WHY IT’S NOTEWORTHY
This is the new restaurant that moved into the old church where the famous, popular and good Christian’s once was. Owners Tommy and Maria Delaune have the tremendous advantage of owning a seafood wholesale house. That’s like a steakhouse with its own cattle herd. But the restaurant didn’t hit its stride until Chef Greg Picolo (formerly of the Bistro at the Maison de Ville) moved in and got comfortable. He is a major creative force, with a strong appreciation of the special magic that imbues the place.
Greg’s menu is still evolving, but the destination is already clear. Redemption will wind up with the best of its original menu (the gumbo, stuffed shrimp, duck, and filet), a few Christian’s classics (smoked soft-shell crab and stuffed fish), and the latest experiments from the chef’s fertile mind. We’re waiting to see which version of sweetbreads shows up, and an expansion of the fish array.
The church building that housed Christian’s and now Redemption is nearly a century old. Its congregation left for bigger quarters in the 1970s. After a few years in Metairie, Christian’s Restaurant was looking for a new location and thought this highly visible location in Mid-City would be perfect. It was, attracting diners from all over the country for thirty years. The hurricane persuaded Christian’s owner Henry Bergeron to retire. He sold the church to Tommy Delaune, who at first wanted to make it a church again. That didn’t work out. In late 2010, it reverted to the present restaurant.
Imagine a medium-size church with high cathedral ceilings, big windows, and lots of open space. Move the pews to the perimeter for the banquette tables. Fill the center with conventional tables. Put a bar near the entrance. This is Redemption. The major enhancement over the Christian’s look is the new hardwood planked floor.
Napoleon of panéed eggplant with grilled vegetables and Fontina cheese
»Oysters en brochette
Crawfish remoulade in a crisp avocado cup
»Creole crab cake ravigote
Prawns del Lago (stuffed with crabmeat)
»Pannéed smoked soft shell crab
Seasonal green salad, tomato, Stilton, bacon
Caesar salad (option: fried oysters)
»Roasted beet salad, satsumas, arugula, spiced pecans, Manchego cheese
»Field greens with crab and shrimp ravigote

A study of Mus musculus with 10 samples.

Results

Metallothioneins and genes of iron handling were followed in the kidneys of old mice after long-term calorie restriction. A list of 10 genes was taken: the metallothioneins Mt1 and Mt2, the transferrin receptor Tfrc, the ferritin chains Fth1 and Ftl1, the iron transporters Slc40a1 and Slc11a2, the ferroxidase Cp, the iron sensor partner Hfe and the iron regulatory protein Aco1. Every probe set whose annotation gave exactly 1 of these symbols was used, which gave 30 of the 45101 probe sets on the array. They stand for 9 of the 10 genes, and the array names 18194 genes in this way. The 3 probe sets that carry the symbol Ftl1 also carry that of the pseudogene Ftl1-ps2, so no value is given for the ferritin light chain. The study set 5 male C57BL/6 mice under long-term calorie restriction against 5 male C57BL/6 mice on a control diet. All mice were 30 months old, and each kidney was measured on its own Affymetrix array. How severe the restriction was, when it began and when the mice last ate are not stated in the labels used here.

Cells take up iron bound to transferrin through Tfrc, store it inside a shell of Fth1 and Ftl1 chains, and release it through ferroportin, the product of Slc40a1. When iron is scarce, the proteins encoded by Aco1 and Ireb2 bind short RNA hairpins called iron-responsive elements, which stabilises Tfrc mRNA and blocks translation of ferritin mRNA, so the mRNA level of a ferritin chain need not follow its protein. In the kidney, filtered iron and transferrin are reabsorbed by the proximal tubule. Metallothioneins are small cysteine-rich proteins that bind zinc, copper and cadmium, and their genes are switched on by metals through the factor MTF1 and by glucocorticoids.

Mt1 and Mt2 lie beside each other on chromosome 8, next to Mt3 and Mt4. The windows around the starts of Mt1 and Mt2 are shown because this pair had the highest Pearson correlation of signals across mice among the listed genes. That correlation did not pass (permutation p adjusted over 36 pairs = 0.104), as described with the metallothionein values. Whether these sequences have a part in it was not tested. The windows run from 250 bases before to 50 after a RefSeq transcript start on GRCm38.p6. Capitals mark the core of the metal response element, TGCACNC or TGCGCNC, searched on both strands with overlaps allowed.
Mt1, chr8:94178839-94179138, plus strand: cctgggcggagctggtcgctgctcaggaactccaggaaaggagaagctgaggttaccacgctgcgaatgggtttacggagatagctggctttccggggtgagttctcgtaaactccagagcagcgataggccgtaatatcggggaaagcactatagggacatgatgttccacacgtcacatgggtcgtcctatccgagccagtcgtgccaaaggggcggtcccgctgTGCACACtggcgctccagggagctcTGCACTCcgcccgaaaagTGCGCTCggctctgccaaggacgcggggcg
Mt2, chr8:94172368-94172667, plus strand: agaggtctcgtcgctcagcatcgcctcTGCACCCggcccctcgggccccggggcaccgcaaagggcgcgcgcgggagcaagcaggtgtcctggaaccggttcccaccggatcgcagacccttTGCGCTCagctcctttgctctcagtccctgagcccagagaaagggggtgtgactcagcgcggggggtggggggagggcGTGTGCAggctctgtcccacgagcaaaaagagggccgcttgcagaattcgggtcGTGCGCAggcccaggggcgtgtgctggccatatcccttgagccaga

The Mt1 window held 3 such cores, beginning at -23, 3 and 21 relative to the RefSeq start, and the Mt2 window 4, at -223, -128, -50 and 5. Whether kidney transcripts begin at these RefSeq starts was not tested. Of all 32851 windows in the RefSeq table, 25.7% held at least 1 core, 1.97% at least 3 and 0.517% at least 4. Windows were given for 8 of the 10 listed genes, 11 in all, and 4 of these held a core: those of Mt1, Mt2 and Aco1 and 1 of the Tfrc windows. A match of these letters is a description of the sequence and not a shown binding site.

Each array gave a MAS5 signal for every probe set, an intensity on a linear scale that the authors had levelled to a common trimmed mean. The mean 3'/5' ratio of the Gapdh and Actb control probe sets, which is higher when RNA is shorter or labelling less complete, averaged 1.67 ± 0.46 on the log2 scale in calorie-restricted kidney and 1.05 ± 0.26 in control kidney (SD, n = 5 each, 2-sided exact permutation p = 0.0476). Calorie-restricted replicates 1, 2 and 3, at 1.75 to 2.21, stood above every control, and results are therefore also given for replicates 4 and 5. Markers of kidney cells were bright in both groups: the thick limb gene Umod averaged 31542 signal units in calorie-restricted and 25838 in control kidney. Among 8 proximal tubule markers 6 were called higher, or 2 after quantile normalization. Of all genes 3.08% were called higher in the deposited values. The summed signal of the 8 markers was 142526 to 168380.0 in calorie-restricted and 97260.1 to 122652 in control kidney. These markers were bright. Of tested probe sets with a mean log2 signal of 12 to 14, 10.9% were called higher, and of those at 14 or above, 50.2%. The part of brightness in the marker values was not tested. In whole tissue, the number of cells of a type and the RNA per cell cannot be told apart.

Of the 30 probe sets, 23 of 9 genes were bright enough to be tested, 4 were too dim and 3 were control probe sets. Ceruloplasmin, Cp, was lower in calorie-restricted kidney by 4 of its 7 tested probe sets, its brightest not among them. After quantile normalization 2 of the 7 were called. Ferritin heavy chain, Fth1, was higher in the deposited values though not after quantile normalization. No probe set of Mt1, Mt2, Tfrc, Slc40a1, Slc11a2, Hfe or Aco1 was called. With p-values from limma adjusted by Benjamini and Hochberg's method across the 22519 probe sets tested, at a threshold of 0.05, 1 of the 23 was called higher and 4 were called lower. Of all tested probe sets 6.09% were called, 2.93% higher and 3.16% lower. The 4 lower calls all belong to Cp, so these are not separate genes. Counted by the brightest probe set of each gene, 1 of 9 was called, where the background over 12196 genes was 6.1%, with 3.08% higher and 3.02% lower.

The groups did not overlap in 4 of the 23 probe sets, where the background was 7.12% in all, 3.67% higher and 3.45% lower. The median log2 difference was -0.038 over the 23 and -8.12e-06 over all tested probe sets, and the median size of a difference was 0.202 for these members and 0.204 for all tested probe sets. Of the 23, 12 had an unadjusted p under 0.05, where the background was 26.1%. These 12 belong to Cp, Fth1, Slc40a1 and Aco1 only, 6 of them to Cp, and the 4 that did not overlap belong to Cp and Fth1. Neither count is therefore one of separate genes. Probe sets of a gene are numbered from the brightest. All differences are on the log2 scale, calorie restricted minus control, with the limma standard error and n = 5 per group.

»Abita barbecue shrimp, stone-ground cheese grits
»Grilled jumbo pork chop, whiskey yams, orange-thyme jus
Pavé of grilled salmon, tarragon, crawfish, shiitake mushroom gnocchi
»Soft shell crab meuniere
»Sautéed fillet of flounder, shrimp and mirliton dressing
»Seafood-stuffed fish a la Christian’s
»Roasted breast of duck, andouille, red onion-yam hash, grilled kadota fig jus
Rack of lamb, Granny Smith apples, mint jus
»Grilled prime filet mignon, pommes frites, blue cheese jus
»Gulf fish piccata, three mushroom risotto
»Chocolate Torte, fresh berry mélange
Banana fritters, coconut gelato, chocolate drizzle
Cheesecake, pistachio cream cheese
»Mid-City crepes, honey-infused mascarpone
FOR BEST RESULTS
For God’s sake, beware of a nasty step between the entrance and the bar. Ask about the specials. If there’s a dish you liked at the Bistro, ask Greg for it. He might cook it for you.
OPPORTUNITIES FOR IMPROVEMENT
It took Christian’s original chef months to perfect the signature smoked soft-shell crab. Redemption’s attempts aren’t quite perfect yet, but it’s still worth getting. The wine list could stand to be expanded.
FACTORS OTHER THAN FOOD
Up to three points, positive or negative, for these characteristics. Absence of points denotes average performance in the matter.
- Dining Environment +2
- Consistency +1
- Attitude +2
- Wine & Bar
- Hipness +1
- Local Color +3
- Good view
- Good for business meetings
- Open Sunday lunch
- Easy, nearby parking
- Reservations recommended
ANECDOTES AND ANALYSIS
Among restaurants that perished in Katrina, the most lamented was Christian’s. Locals and savvy visitors loved it. Not just because of the high irony of its being located in an antique church but also because of its unique take on Creole-French cooking. It was six years before new owners worked up the courage to open a new restaurant on that sacred site. They called it Redemption and warned all former customers that Christian’s could not and would not return from the dead, even though the church would be restored fully.
Problem: it was unclear just what Redemption would be. The menu was clearly Creole and relied mostly on local ingredients, but it was that of an entirely new restaurant. It all sounded good enough, but compared with what had come before. . well, nothing much happened. Then came Chef Greg Picolo. His restaurant–the Bistro at the Maison de Ville–had ceased to exist, and he was looking for a new home for his own Creole French cooking. It was a marriage made in. . . well, heaven, I guess.